It has been over a decade since the discovery of how plants take up and re-translocate silica (Si), one of the most abundant elements on earth. Further focus on the element has revealed that it plays an important role in alleviating the effects of biotic and abiotic stress; however, still much remains to be understood.
Of the sixteen nutrients that plants need to grow, develop, reproduce and remain healthy, there are seven that we refer to as micronutrients: zinc (Zn), copper (Cu), manganese (Mn), iron (Fe), boron (B), chloride (Cl) and molybdenum (Mo).
While these nutrients are used in minute amounts, they are just as important to plant growth and development as the macronutrients and secondary nutrients, with some of them playing an important role in controlling key processes and the uptake of macros. For example, molybdenum deficiency reduces nitrogen and phosphorus uptake, while zinc deficiency can reduce overall plant vigor, growth and the uptake of other nutrients.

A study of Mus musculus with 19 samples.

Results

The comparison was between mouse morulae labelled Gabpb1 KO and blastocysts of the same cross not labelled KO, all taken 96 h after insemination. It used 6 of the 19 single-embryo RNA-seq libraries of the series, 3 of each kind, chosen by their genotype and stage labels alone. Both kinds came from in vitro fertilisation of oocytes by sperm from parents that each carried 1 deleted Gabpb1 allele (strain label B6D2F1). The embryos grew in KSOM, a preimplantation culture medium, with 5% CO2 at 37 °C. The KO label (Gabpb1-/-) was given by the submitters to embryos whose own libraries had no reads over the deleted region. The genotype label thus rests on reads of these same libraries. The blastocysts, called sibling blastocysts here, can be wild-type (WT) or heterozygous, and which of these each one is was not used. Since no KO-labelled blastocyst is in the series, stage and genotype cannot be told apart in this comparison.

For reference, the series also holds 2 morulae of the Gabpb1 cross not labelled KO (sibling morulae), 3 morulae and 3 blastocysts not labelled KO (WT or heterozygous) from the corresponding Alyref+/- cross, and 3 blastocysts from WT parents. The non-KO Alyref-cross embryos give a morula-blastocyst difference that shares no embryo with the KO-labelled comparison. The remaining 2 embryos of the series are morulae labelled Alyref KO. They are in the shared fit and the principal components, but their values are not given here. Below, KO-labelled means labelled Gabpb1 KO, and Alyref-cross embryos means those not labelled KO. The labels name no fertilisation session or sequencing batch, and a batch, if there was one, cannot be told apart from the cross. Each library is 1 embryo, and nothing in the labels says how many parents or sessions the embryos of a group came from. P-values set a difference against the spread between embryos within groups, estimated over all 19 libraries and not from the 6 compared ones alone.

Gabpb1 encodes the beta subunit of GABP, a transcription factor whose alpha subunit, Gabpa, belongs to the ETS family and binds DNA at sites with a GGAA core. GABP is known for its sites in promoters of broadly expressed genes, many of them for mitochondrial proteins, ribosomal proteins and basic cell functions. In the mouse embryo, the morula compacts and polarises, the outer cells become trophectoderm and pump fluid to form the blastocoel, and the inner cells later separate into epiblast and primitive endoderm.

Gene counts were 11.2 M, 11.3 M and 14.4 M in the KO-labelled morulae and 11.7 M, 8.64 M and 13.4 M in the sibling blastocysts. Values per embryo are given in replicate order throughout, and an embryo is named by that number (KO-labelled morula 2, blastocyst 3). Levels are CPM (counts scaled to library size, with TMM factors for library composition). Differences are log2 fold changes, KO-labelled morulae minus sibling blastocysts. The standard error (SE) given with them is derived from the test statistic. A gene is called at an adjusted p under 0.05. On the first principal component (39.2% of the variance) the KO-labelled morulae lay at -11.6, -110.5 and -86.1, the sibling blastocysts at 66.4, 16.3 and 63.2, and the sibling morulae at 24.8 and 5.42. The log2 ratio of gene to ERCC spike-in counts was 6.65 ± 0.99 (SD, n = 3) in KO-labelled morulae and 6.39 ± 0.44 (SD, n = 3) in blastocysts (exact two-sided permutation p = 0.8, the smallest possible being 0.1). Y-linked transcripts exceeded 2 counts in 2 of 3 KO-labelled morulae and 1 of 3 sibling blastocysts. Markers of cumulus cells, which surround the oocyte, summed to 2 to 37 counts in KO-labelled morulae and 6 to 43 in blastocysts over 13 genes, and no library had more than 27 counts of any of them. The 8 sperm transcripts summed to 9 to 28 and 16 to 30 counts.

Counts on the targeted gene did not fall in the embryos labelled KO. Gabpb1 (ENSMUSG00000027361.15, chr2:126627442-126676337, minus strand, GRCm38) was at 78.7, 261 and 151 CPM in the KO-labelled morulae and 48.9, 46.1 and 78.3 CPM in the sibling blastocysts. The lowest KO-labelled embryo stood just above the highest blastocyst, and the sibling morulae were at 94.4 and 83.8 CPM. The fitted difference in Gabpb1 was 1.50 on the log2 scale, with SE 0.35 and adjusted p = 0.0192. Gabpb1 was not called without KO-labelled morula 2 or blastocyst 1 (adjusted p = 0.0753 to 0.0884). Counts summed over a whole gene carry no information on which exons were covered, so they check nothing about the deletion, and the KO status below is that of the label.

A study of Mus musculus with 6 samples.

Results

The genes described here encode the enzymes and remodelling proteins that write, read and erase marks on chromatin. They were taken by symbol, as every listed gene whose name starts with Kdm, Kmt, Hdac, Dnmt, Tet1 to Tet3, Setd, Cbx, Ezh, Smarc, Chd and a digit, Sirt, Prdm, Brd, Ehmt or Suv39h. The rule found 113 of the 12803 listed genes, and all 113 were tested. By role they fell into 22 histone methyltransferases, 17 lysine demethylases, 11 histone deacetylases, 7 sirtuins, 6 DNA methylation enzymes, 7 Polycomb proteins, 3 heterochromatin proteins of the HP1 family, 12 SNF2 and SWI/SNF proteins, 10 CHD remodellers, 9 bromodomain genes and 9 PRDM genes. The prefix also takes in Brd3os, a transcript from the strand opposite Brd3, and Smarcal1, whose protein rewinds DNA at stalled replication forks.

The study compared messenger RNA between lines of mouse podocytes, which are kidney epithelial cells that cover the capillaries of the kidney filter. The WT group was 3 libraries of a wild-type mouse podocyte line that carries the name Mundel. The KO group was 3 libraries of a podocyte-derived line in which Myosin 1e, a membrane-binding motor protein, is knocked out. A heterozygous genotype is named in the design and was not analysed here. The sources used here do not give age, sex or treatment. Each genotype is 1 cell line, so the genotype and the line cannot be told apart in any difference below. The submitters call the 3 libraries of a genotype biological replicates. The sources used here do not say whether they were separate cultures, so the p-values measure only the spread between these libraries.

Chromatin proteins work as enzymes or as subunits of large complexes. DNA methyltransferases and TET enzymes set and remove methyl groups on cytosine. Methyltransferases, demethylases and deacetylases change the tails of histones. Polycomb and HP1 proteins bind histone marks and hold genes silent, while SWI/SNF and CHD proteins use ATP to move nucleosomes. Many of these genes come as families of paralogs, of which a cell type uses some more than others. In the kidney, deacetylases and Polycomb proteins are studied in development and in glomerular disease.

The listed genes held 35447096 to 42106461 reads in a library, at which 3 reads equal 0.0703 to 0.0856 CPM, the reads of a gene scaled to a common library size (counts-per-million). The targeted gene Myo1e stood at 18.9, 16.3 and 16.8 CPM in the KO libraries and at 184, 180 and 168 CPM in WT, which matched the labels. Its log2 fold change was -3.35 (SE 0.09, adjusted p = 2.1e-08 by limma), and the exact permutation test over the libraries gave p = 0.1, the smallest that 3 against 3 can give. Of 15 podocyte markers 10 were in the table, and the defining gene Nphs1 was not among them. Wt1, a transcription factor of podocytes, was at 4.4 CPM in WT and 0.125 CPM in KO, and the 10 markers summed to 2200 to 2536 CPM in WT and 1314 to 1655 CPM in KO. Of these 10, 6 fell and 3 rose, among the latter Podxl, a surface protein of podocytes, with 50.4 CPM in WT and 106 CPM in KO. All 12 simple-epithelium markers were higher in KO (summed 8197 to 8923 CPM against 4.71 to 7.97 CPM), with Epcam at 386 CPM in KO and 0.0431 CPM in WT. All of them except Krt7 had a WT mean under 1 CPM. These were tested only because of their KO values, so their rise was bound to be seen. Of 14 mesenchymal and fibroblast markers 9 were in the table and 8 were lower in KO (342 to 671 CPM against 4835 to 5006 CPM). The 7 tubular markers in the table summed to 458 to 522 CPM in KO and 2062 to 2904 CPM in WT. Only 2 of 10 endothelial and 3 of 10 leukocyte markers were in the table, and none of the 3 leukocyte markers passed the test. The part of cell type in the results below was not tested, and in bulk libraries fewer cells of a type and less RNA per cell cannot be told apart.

As we discussed in our previous blog post, plants require large amounts of macronutrients to grow and thrive. The secondary nutrients – calcium (Ca), magnesium (Mg) and sulfur (S) – are just as vital to plant growth and development, though they are required in lesser amounts than the macros.
Plants require a total of 16 nutrients to grow, develop, reproduce and remain healthy. Three of these nutrients – nitrogen (N), phosphorus (P) and potassium (K) – are required in relatively large amounts. These are known as macronutrients.
Knowing what makes crops emerge, grow and flourish is one thing; finding the right balance is a whole other story! In this post, the first in our series on the relationship between nutrients, we take a look at what happens when an over-abundance of one element causes a deficiency of another.